There's an interesting phenomenon going on at the Toronto International Film Festival this year. Female filmmakers were a big part of the festival's opening weekend. (The fest might be 9 days long, but that first weekend is the time that packs the punch -- the time when the stars descend, the parties commence, and the big films have their premieres.) But this isn't only relevant to festival goers. These fests showcase tomorrow's films, so in some ways, TIFF is a peek into the future. And it's one where women defy what's expected of them.
At the moment, I'm calling it the Anna Kendrick effect. While she might be one of the youngest Tony Award nominees ever, this actress shot into the public eye with a supporting role in that incessant, sparkly piece called Twilight. Her performance was fine, but she really wasn't given enough for a large buzz to commence, especially while under the shadow of Kristen Stewart and Robert Pattinson. But now she's got a co-starring role in Jason Reitman's new Up in the Air -- a role where she must hold her own against George Clooney and Vera Farmiga. And she does. In fact, she's so good that her performance has been getting a lot of buzz up here in Toronto -- and it's proved one thing: We might see women and blow them off as nothing more than the crazy jealous friend, but there can be a lot of other talent in there if given a solid role to prove it.
To be fair, however, I do have a problem with Up in the Air. For the most part, it's a real film about real life -- one that defies expectation and provides a refreshingly modern take on life and love. But when it falls into the cliches we're used to, it falls hard, colliding with the film's promise and bringing everything down a notch. Kendrick does a wonderful job both holding her own against Clooney's charisma and tackling the subject manner. An impressive job, really. She plays a overly wound-up and ambitious young woman with the drive to succeed -- but in one quick moment, she gets upset and falls into a public, screeching scene of unhinged-young-girl. (It's like an out-of-nowhere cliched fit to get the film into a little-too-romantic last half.)
Nevertheless, Kendrick has just blown beyond mainstream expectations, held her own against one of Hollywood's seasoned pros, and it's only her sixth film and second truly mainstream production.
And she's only a small part of the female talent oozing out of TIFF. The New York Times has written a piece called "At the Toronto Film Festival, Directing is Women's Work" outlining just that. Director Karyn Kusama and Diablo Cody naturally lead the piece with discussion of Jennifer's Body, a film that's simply oozing women -- director, writer, stars... But it's also gotten a very mixed bunch of reactions, so let's move on.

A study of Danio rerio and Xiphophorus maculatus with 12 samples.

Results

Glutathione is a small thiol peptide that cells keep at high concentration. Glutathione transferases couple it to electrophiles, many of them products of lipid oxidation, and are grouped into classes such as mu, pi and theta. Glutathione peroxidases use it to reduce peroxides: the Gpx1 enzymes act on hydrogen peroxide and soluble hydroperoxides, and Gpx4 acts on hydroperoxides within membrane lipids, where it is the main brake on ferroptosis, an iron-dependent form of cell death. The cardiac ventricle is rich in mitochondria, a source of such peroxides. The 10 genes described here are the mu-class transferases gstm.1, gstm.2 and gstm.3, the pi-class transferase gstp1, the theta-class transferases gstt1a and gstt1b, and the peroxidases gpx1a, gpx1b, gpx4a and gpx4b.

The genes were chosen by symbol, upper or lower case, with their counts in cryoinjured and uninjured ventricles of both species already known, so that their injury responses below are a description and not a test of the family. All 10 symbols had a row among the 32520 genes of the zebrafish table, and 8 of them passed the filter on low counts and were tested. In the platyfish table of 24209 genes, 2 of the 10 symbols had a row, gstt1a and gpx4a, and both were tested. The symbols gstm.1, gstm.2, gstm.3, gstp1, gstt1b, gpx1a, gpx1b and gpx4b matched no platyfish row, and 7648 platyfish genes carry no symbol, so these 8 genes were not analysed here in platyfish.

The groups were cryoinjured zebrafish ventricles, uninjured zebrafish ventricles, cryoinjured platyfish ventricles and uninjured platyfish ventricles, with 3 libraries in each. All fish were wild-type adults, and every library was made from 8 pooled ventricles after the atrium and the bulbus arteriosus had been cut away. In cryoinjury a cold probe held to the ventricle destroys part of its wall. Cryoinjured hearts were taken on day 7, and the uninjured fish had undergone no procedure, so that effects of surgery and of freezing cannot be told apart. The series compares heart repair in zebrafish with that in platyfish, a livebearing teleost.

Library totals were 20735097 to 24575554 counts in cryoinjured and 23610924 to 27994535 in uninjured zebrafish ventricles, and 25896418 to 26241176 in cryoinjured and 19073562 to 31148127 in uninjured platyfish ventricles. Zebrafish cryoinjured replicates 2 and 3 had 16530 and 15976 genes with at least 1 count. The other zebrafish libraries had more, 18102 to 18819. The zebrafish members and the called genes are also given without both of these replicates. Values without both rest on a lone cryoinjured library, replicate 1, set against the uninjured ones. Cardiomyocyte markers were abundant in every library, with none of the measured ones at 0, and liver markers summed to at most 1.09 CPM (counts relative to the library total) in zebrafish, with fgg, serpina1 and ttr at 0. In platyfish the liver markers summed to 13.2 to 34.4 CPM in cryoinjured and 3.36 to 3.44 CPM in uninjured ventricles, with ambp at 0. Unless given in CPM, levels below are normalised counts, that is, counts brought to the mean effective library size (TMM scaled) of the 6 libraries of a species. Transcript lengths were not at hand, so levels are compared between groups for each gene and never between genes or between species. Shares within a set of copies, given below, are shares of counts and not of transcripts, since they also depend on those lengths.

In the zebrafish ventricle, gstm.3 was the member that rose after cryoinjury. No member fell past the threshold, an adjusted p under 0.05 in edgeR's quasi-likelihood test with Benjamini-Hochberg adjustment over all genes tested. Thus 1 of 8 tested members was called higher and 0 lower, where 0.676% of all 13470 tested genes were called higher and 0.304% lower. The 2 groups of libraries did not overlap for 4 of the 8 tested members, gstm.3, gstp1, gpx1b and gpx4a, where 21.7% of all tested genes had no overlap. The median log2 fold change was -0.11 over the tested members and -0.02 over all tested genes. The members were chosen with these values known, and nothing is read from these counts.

Jane Campion is back with Bright Star, a film that follows the romance of poet John Keats and his muse Fanny Braun. Reviewing from Cannes, THR called it "a gorgeous film about romantic love and fine poetry." Lone Scherfig is offering An Education, which Karina Longworth called "an extremely classy film." Plus Samantha Morton's first directorial gig -- The Unloved, Drew Barrymore's likewise jump with Whip It!, Niki Caro's The Vintner's Luck, Rebecca Miller's The Private Lives of Pippa Lee, Ruba Nadda's Cairo Time, Andrea Arnold's Fish Tank, Sook Yin-Lee's Year of the Carnivore....
The list goes on and on. (Melissa Silverstein lists 14 other female directors here.) Some are horrific, some are classic love stories, one has girls kicking roller derby butt. And then there are also the female-centric films directed by men, most definitely led by Alejandro Amenabar's Agora -- a film where the woman isn't the figure wrapped up in romance; a film about one of the great female thinkers in history; and a film wholly unlike the epic tales we're used to.
It's easy to get cynical being a woman writing about movies -- writing over and over about the new prostitute projects in production, the crappy and formulaic rom-coms that never seem to end. But in the middle of this year's fest, I've got a strange feeling burrowing into my gut: hope. Could this really be a sneak peek into the future? Might we see more solid, big buzzed-about films come from female directors and have female casts without them being niche films? I don't want to amp up my hope and be disappointed, but the tide seems to be changing.
Look out for these films. Some will hit public screens in no time, and others might take a while, but this is our chance. Good films are on the way, and we'll only get more if we make the most of this tide.